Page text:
Content Reviewers:Antonella Melani, MD, Lisa Miklush, PhD, RNC, CNS, Viviana Popa, Gabrielle Proper, RN, BScN, MN
Contributors:Elizabeth Nixon-Shapiro, MSMI, CMI, Cassidy Dermott, Kaylee Neff, Ahmed A. Abu Ajeene, Katherine May, BSN, RN
Cystic fibrosis is an inherited, chronic and progressive condition characterized by dysfunction of the exocrine glands, primarily in the respiratory, gastrointestinal, and reproductive systems.
First, let’s quickly review some physiology. Exocrine glands are found throughout the body, and their main function is to secrete products like sweat from the skin; as well as saliva, gastric or pancreatic juices, and bile from the gastrointestinal tract; in addition to mucus to protect the respiratory, gastrointestinal, and reproductive systems, as well as seminal fluid from the prostate.
Now, zooming in, the exocrine glands consist of cells that secrete their products containing substances like water, ions, and enzymes into a ductal system. To do so, these cells have a special transporter protein called cystic fibrosis transmembrane conductance regulator protein, or CFTR for short. This protein pumps chloride ions out of the cell in order to help draw water out, forming those products and thinning them out, as needed for secretion.
Alright, so the main cause of cystic fibrosis is a mutation in the CFTR gene, which codes for the CFTR protein. This mutation is inherited with an autosomal recessive pattern, meaning that an individual needs to inherit one mutated gene from each parent to develop the condition. Thus, the main risk factor for cystic fibrosis is family history. In addition, another risk factor seems to be race and ethnicity, being more prevalent among individuals of white race.
Now, the pathology of cystic fibrosis develops because the mutated CFTR protein can’t insert into the cell membrane. As a result, exocrine cells can’t pump chloride ions out, so water doesn’t get drawn in, and the secretions are left overly thick. This can affect various organs in different ways.
In the respiratory tract, the thick mucus traps pathogens but can’t be swept up and out by cilia. As a consequence, these pathogens are able to remain in the lungs and keep replicating, which can lead to chronic respiratory infections, like pneumonia, and complications such as bronchiectasis, and even pneumothorax.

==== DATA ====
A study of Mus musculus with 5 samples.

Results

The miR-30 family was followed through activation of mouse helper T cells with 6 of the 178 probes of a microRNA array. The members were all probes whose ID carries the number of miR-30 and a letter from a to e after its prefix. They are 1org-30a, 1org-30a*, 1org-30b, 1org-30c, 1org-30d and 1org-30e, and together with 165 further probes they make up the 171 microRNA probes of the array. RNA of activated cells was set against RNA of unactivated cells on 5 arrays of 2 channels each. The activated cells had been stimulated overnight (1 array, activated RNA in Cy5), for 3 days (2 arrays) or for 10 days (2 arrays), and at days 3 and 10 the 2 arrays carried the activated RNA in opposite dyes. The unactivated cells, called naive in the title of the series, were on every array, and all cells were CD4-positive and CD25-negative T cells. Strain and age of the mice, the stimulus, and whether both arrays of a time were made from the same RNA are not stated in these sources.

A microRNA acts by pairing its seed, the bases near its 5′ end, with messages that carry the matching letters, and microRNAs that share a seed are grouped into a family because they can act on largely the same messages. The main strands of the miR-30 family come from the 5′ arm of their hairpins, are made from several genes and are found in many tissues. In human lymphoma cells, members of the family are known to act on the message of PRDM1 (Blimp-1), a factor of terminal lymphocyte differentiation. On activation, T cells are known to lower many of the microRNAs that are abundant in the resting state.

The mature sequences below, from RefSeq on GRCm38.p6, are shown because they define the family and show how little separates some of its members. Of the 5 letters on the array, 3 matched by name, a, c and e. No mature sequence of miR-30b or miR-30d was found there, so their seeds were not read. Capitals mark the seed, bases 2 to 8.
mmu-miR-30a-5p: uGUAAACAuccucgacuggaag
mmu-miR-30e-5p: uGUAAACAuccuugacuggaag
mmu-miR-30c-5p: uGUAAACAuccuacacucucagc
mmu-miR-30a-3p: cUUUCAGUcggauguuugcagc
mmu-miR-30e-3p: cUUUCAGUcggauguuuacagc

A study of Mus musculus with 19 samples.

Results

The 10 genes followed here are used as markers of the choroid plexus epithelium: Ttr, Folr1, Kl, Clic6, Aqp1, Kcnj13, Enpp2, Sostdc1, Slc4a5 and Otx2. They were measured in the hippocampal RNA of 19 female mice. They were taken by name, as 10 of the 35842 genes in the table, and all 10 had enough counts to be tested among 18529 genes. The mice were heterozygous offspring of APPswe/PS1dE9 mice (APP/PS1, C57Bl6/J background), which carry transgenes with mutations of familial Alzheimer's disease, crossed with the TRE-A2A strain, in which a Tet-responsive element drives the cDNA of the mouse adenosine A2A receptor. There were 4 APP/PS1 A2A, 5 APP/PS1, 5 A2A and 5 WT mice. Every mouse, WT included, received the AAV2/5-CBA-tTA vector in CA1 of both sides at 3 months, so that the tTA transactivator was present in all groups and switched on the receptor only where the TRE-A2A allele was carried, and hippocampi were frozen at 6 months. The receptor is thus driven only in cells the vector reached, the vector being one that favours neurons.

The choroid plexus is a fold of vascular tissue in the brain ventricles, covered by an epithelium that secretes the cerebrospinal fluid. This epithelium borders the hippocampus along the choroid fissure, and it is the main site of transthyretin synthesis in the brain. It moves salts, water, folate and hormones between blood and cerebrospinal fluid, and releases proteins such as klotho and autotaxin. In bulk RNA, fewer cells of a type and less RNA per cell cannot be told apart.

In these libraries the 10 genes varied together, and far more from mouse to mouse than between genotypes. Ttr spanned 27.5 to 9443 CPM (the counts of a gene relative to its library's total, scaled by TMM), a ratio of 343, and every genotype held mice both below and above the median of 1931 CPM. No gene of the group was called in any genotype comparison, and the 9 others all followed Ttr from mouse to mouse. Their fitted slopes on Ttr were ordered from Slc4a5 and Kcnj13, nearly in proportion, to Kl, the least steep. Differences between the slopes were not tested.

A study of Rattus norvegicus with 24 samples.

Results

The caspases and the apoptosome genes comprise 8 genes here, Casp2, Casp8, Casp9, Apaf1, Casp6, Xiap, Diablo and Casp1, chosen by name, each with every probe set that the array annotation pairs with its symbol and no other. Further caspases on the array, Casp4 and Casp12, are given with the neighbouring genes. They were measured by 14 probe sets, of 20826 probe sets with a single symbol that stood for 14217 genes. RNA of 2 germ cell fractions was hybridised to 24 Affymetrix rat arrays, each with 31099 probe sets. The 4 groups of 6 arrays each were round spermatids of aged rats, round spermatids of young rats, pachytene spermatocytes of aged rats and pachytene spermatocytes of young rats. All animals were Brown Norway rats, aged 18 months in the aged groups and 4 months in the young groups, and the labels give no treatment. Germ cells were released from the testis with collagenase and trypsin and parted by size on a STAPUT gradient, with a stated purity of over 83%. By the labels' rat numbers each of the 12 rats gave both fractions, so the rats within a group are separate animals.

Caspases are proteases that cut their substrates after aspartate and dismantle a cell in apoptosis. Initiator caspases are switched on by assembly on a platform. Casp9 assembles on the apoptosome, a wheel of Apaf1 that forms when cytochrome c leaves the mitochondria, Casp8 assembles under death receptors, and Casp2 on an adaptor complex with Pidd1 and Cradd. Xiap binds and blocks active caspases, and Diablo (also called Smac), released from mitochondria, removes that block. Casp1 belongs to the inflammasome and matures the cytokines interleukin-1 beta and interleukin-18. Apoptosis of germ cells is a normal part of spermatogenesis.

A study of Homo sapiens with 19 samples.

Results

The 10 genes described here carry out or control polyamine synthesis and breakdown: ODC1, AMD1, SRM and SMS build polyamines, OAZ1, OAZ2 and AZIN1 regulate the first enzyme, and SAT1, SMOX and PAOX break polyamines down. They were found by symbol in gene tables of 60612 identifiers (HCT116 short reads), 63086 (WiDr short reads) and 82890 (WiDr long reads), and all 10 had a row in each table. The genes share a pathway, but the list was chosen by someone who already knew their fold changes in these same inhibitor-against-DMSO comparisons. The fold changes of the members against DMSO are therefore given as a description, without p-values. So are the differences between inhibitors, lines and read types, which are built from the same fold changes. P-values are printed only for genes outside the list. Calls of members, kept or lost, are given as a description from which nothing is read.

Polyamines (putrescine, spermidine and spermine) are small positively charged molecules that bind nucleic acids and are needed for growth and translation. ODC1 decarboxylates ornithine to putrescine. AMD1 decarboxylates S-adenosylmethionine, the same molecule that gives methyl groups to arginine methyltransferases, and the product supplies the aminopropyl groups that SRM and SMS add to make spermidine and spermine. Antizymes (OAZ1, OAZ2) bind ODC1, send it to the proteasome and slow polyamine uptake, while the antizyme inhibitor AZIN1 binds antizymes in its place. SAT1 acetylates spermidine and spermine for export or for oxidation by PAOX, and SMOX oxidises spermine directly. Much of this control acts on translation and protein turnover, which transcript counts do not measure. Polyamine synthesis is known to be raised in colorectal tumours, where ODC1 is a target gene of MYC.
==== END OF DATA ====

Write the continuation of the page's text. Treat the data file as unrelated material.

In the gastrointestinal tract, thick secretions can plug the pancreatic ducts, preventing the secretion of digestive enzymes into the small intestine. Over time, the backed-up digestive enzymes can degrade the cells lining the pancreatic ducts, which causes local inflammation and damage. This can ultimately lead to complications like pancreatitis, pancreatic insufficiency, and even diabetes.
In addition, the lack of digestive enzymes in the small intestine can result in complications like indigestion, malabsorption and eventually malnutrition, as well as thickened stools, which may lead to intestinal obstruction. The thick secretions can also plug the bile ducts, leading to the build up of bile that can damage the biliary tract, gallbladder, and even the liver. This process can cause complications like gallstones and, over time, biliary cirrhosis.
Now, in the male reproductive system, seminal fluid is abnormally thick, so sperm transport is impaired, causing complications like infertility. On the other hand, in the female reproductive system, cystic fibrosis can lead to abnormally thick cervical mucus, which makes it harder for spermatozoa to successfully pass through the cervix; this could cause subfertility, meaning pregnancy is difficult to achieve.
Additionally, in the skin, the excess chloride cannot be absorbed, so it remains trapped in sweat and attracts water, causing increased sweating and potentially dehydration; and also attracts sodium ions, which crystallize with chloride ions to form salt.
Finally, in the skeletal system, a combination of factors, including frequent infections, poor absorption of calcium and fat-soluble vitamins like vitamin D and K, and reproductive abnormalities, can impair bone development, causing lower bone mineral density and osteoporosis.
The clinical manifestations of cystic fibrosis primarily involve the respiratory tract. So, clients typically present with cough, wheezing, and cyanosis, which over time, can manifest as clubbing of fingers. In addition, these clients will be more susceptible to respiratory infections.
Next, clients with cystic fibrosis can also present with gastrointestinal symptoms. These typically include gastroesophageal reflux disease, as well as steatorrhea, and malnutrition, which can ultimately cause failure to thrive. In addition, clients can develop intestinal obstruction, which causes nausea, vomiting, and abdominal pain. An important sign in newborns is meconium ileus, which is a surgical emergency where the newborn’s first stools can get so thick and sticky that it might get stuck in the baby’s intestines and not come out. Moving on, cystic fibrosis can also cause reproductive symptoms. These include infertility or subfertility, as well as irregular menstruation and delayed puberty.
Additionally, clients may experience excessive sweating, which can lead to dehydration. In addition, affected clients may have a salty skin, which is often reported by parents when kissing their child.
The diagnosis of cystic fibrosis starts with the client's history and physical assessment. The gold standard test to diagnose cystic fibrosis is a sweat chloride test, which helps detect high amounts of chloride ions in the sweat of a client with cystic fibrosis. Other diagnostic tests include genetic testing, which can be done to confirm the diagnosis; as well as newborn screening tests, which can aid in early detection of the condition.